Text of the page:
India v Australia 2008-09 / News

India v Australia, 1st Test, Bangalore, 5th day

Solid India hold on for draw

The Report by Brydon Coverdale

October 13, 2008



VVS Laxman concentrated hard and helped India secure the draw © AFP

Hoping for another Sydney, Ricky Ponting set India 299 from 83 overs but his attack lacked the firepower to blast through India's resolute middle order. For the full five days the surface had featured crevices so wide that, had the wiry Ishant Sharma gone missing, you would know where to look. Strangely, it continued to play relatively well throughout. Occasional deliveries spat and bounced while others stayed low but batsmen who applied themselves could survive.

However, scoring remained difficult and once Virender Sehwag departed cheaply, India's target was largely irrelevant. As Tendulkar, Gautam Gambhir and Laxman held off Australia's bowlers it began to look like the only celebration would be a personal one as Tendulkar closed in on Brian Lara's all-time Test run-scoring record. Even that party was put on hold when Tendulkar fell 14 short of Lara's mark.

At least he made a major contribution to saving a game Australia will feel they should have won. The parallels with Sydney for much of the final day were obvious: again India were set a target that was all but out of reach and again they went to tea with seven wickets in hand.

But the Chinnaswamy Stadium is not the SCG. In Sydney more was happening, both off the field and on it. In that game an average of 321 runs were scored each day; in this Test the figure was 239. And in Sydney the game finished with the sun still shining; in Bangalore bad light interrupted proceedings when Australia required miracles.

Viewed in its entirety, the hard-fought match was like Test cricket of old. Five full days of relatively low-scoring play without a result provided the starkest possible contrast to the IPL, which was the last major cricket played in Bangalore. Consecutive sixes were commonplace in the IPL; there weren't two in this entire Test.

It didn't stop the deafening roars from the crowd as Tendulkar and Laxman fought off Australia's attack. Tendulkar put together two incredibly valuable partnerships that all but secured the draw after India lost two early wickets that gave Australia a sniff. He combined with Gambhir for a 53-run stand and then added 61 with Laxman. The responsibility was then passed on to Laxman and Sourav Ganguly, who prodded away the spin and built a 39-run partnership that took India through to the close.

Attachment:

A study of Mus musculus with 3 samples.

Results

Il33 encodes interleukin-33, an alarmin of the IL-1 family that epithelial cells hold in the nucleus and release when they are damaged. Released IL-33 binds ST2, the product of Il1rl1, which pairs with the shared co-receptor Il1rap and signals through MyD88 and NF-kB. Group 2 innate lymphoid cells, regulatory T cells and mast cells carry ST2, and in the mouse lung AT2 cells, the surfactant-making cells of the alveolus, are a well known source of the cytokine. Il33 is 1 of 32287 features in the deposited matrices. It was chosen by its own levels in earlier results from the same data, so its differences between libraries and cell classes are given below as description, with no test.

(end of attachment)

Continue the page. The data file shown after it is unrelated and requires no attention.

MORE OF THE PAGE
• Brad Haddin conceded 39 byes in the match, the highest by an Australian wicketkeeper. Rodney Marsh held the record, giving away 36 against the West Indies in 1973.
  • The percentage of runs scored by each side in boundaries was almost the same. Australia scored 44.9% of their runs in boundaries (67 fours and 1 six), and India 45.6 % (54 fours).
  • Fast bowlers fared far better than spinners. The pace attack took 24 wickets at an average of 23.33, while spinners picked up just six, averaging 89.33 per wicket.
  • Rahul Dravid averages just 21.69 in seven matches at the Chinnaswamy Stadium in Bangalore, his home ground.

The lack of a truly dangerous frontline slow bowler did restrict Australia. Michael Clarke and White sent down 38 overs between them and, although they gave the batsmen moments of trouble, rarely did they look like running through the order. Nor could the fast bowlers provide the necessary spark, although they threatened to light a fuse early in India's innings. It seemed like India's batting order would break apart quicker than the deceptive pitch when they lost Sehwag and Rahul Dravid within the first nine overs.

Sehwag, the one man who might have made Ponting nervous about the target, was taken at first slip off Stuart Clark having been dropped by Brad Haddin off the previous Brett Lee over. India's 16 for 1 became 24 for 2 when Dravid flicked Lee to short midwicket, where Ponting dived acrobatically to take the catch.

It gave Australia's captain reason to believe that batting into the final day - the lower order added 35 to the overnight total - was not a bad decision. His attack simply didn't have the time or weaponry to finish the task. It meant no real answers to the two primary questions that hung over Australia in the lead-up: could a pair of half-spinners add up to a whole, and could the fast bowlers prove matchwinners in India.

The hosts entered the Test with a query or two as well. India's Fab Four were under pressure and while Laxman, Tendulkar and Ganguly were major reasons the game was saved, rarely in either innings did they look like dominating Australia's bowlers. Anil Kumble was also being pressed on his retirement plans; his rickety right shoulder and failure to take a wicket have done nothing to suppress those questions.

After five days, 30 wickets and 1195 runs, neither side can claim to be especially better off than the other. It's time for Mohali.

Brydon Coverdale is a staff writer at Cricinfo

Brydon Coverdale Assistant Editor Possibly the only person to win a headline-writing award for a title with the word "heifers" in it, Brydon decided agricultural journalism wasn't for him when he took up his position with ESPNcricinfo in Melbourne. His cricketing career peaked with an unbeaten 85 in the seconds for a small team in rural Victoria on a day when they could not scrounge up 11 players and Brydon, tragically, ran out of partners to help him reach his century. He is also a compulsive TV game-show contestant and has appeared on half a dozen shows in Australia.